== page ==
The birth of large-scale, organized philanthropy, on the heels of the American Civil War, was infused from the beginning with an awareness of racial inequality. Throughout the late nineteenth and early twentieth centuries, wealthy individuals such as mill owner John F. Slater, philanthropist Anna T. Jeanes, department store mogul Julius Rosenwald, beauty product entrepreneur Madam C. J. Walker, and oil baron John D. Rockefeller concerned themselves with Black education and economic opportunity.
The philanthropic entities these individuals established would continue to grapple with the same issues over the following decades of the mid-twentieth century.
Identifying “Access” as the Problem
New strategies developed to target what professional foundation staff came to identify as the root cause of inequality: access.
Foundations began to work in policy research and litigation, and to tackle access on a variety of levels: access to the systems and protections of the law; to education through school improvement programs and scholarships; to cultural and artistic validation through fellowships; to economic equality through investments in minority enterprise.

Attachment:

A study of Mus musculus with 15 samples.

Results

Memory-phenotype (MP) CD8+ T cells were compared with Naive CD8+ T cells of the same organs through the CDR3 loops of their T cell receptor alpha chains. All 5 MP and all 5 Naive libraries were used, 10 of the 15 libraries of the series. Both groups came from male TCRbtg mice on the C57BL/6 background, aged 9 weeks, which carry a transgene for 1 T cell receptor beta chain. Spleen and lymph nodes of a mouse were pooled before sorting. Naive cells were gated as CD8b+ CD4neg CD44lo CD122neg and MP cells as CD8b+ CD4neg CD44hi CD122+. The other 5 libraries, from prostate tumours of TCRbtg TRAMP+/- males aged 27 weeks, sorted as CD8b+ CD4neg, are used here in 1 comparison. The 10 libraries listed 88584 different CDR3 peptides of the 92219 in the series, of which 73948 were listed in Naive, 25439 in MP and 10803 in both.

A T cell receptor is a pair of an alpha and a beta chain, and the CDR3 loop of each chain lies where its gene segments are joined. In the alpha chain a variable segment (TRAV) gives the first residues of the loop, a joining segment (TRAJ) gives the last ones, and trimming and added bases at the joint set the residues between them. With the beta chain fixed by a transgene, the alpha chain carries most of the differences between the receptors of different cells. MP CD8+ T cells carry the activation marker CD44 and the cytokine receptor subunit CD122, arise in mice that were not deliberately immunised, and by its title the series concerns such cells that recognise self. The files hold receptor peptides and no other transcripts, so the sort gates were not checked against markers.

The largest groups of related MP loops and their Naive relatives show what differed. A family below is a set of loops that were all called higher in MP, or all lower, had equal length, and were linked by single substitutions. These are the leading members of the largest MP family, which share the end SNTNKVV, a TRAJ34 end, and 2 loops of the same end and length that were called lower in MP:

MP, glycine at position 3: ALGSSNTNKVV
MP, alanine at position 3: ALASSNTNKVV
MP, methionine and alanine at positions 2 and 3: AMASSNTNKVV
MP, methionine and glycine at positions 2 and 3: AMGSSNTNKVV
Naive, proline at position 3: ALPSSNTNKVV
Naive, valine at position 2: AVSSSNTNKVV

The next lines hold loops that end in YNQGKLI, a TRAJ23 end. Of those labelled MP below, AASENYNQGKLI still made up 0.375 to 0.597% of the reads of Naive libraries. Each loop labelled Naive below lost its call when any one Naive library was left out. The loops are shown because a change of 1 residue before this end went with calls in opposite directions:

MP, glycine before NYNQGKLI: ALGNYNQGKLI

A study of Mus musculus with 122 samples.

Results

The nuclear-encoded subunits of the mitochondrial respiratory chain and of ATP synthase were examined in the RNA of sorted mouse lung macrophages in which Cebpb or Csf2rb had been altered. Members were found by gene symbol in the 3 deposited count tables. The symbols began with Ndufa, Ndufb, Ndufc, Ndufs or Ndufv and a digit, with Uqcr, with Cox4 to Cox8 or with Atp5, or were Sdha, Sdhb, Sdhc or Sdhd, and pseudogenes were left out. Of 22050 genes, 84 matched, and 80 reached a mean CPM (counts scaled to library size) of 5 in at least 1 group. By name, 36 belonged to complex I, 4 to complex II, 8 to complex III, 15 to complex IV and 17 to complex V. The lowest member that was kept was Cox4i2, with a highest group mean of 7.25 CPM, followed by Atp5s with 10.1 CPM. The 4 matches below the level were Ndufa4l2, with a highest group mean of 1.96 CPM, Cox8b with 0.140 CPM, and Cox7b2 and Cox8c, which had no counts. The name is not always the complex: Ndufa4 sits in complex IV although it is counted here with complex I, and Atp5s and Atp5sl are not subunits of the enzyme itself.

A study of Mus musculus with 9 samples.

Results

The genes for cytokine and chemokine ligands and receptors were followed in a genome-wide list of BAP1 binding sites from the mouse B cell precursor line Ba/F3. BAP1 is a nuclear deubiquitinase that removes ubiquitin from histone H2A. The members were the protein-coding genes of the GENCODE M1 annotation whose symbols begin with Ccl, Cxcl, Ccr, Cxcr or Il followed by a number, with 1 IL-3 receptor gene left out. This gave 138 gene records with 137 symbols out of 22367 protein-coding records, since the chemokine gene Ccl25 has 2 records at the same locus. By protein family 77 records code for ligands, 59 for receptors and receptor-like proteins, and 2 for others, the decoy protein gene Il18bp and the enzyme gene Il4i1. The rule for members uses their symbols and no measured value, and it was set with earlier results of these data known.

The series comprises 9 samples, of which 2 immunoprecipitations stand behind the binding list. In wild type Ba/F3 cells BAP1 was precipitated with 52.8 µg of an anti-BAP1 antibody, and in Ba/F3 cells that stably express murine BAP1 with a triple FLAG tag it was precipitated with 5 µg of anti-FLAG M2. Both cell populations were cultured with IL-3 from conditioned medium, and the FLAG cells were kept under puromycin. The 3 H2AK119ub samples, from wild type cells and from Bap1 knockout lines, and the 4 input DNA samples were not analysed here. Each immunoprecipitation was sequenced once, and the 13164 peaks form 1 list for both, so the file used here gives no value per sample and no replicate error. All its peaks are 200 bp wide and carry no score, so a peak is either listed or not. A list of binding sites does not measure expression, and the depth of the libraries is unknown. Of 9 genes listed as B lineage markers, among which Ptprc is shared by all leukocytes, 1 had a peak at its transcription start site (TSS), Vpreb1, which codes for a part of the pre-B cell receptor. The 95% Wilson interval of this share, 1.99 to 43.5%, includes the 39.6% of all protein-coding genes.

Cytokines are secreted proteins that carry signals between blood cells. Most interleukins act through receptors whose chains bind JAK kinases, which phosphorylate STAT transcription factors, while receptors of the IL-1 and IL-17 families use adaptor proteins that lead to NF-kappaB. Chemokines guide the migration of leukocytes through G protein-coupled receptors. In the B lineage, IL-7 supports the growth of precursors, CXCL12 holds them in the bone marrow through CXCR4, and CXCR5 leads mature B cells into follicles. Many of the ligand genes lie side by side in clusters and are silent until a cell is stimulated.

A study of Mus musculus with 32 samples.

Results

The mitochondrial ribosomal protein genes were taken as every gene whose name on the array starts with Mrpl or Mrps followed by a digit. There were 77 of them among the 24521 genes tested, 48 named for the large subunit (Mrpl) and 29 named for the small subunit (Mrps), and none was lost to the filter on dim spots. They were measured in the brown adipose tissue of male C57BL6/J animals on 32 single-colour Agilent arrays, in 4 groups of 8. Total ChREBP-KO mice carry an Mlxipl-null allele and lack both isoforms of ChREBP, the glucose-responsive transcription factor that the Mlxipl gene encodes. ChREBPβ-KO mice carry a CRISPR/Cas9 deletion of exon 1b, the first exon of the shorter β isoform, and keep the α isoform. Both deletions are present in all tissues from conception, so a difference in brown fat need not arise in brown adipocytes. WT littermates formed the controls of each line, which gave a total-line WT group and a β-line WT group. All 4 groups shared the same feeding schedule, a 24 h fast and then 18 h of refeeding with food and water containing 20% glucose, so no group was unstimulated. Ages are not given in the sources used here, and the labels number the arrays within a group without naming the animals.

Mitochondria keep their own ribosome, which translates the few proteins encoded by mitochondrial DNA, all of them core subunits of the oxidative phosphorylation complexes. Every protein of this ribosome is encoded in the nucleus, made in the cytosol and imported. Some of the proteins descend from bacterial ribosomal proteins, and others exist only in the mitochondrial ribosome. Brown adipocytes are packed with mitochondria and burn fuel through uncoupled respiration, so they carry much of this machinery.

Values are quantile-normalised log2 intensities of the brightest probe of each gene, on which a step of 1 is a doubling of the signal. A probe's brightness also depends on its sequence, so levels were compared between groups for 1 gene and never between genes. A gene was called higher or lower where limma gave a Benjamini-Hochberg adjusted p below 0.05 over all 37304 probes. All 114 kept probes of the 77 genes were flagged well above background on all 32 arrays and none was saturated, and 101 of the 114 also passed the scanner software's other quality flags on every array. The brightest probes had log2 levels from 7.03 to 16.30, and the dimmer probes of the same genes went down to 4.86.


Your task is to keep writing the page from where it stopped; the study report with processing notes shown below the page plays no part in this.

Replicating Power Structures
While perhaps working with good intentions, organized philanthropy’s approach to race and race relations was often plagued with problems.
Philanthropic programs undertaken within the constraints of segregation also worked to sustain the existing, unjust system. And programs aimed at reducing inequality often betrayed biases and prejudices held by foundation staff members themselves, not to mention reinforcing top-down structures of power.
Organized philanthropy’s attention to race and inequality from the start evidences, at the very least, its acknowledgment of systemic racism as perhaps the nation’s most persistent and deeply embedded problem. How to identify its causes and solutions, however, remains a challenge.
This timeline features selected episodes in a century of philanthropic engagement with race and racism, from the Reconstruction period to the Civil Rights era.